Aerodrome Safeguarding Assessments
Why undertake Aerodrome Safeguarding Assessments?
Buildings and structures can present a collision risk to aircraft using particular airports. It is important to determine whether a planned development will be acceptable. Assessments can be undertaken for civil airports, military airbases and smaller airfields.
What are the benefits of undertaking an Aerodrome Safeguarding Assessment?
Airports and airfields are often consulted regarding developments in their vicinity. An Aerodrome Safeguarding Assessment can accurately inform both developer and airport operator as to whether a building development is likely to be acceptable. This enables both the building development process and the airport safeguarding process to be efficient, professional and cost-effective.
A careful Aerodrome Safeguarding Assessment can enable the size of a planned development to be maximised whilst ensuring that it does not cause an unacceptable impact on aircraft operating from nearby runways.
How are Pager Power Aerodrome Safeguarding Assessments undertaken?
A series of Obstacle Limitation Surfaces (OLS) are defined around an aerodrome. The main surfaces considered are the Take Off Climb Surface (TOCS), the Approach Surface, the Inner Horizontal Surface (IHS), the Conical Surface and the Outer Horizontal Surface (OHS).
The surfaces originate at the runway ends with their dimensions and slope being dependent on runway length. The calculation methodology is similar, but not necessarily identical, for most civil and military airports throughout the world. Proposed developments that are higher than an OLS surface are said to breach the surface whilst developments that fall entirely beneath a surface are said to be clear.
Whilst the OLS can extend up to 15km from an airport obstacles can have an impact beyond this distance – having an impact on Instrument Flight Procedures (IFPs) which are protected using a different system known as PANS-OPS.
What does a Pager Power Aerodrome Safeguarding Assessment typically include?
Typically an assessment includes:
- Details of the proposed development
- Details of the assessed runways and aerodrome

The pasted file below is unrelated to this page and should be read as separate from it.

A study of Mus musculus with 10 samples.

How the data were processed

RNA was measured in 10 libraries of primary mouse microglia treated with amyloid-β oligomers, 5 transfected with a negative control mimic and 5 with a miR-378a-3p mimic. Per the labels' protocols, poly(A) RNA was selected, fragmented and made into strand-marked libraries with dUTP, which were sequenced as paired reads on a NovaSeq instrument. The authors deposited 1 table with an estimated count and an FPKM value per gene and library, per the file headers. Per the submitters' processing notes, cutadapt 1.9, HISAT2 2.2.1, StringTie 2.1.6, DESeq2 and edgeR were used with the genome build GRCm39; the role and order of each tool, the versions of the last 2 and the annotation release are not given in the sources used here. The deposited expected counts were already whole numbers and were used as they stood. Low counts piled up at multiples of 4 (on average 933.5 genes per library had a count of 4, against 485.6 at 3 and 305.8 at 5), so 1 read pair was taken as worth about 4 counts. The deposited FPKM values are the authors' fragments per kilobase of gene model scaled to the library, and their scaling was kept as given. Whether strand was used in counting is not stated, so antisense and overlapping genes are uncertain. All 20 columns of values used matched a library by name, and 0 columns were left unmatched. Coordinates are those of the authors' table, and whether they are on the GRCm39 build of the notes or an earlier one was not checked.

- Assessment methodology
- Charts showing the relevant surfaces and the proposed development
- Calculations showing the extent to which the proposed development breaches or clears the relevant surfaces
- Summary of results
- Mitigation advice
- Conclusions and recommendations
What types of development are typically assessed?
Typically the following are assessed:
- Industrial developments
- Wind turbines
- Telecommunications towers
- Chimneys and stacks
- Larger housing developments
- Hangars and airport buildings
When should you consider undertaking an assessment?
There are no hard and fast rules; however assessments are more likely to be useful when one or more of the following occur:
- The development is within 5km of a minor airfield
- The development is within 15km of a major aerodrome
- The development height exceeds 150 metres
- The development is on high ground relative to the aerodrome
- A safeguarding assessment is requested by the aerodrome or the local planning authority
- The development location appears on an aerodrome safeguarding map
Which countries require Aerodrome Safeguarding Assessments?
The rules for assessments throughout the world stem from International Civil Aviation Organisation (ICAO) requirements. These generally apply to civil, military and minor airfields throughout the world. Pager Power has undertaken Aerodrome Safeguarding Assessments in:
If you are planning a development that may need a Pager Power Aerodrome Safeguarding Assessment please get in touch – we can advise whether an Aerodrome Safeguarding Assessment may be able to help your development progress.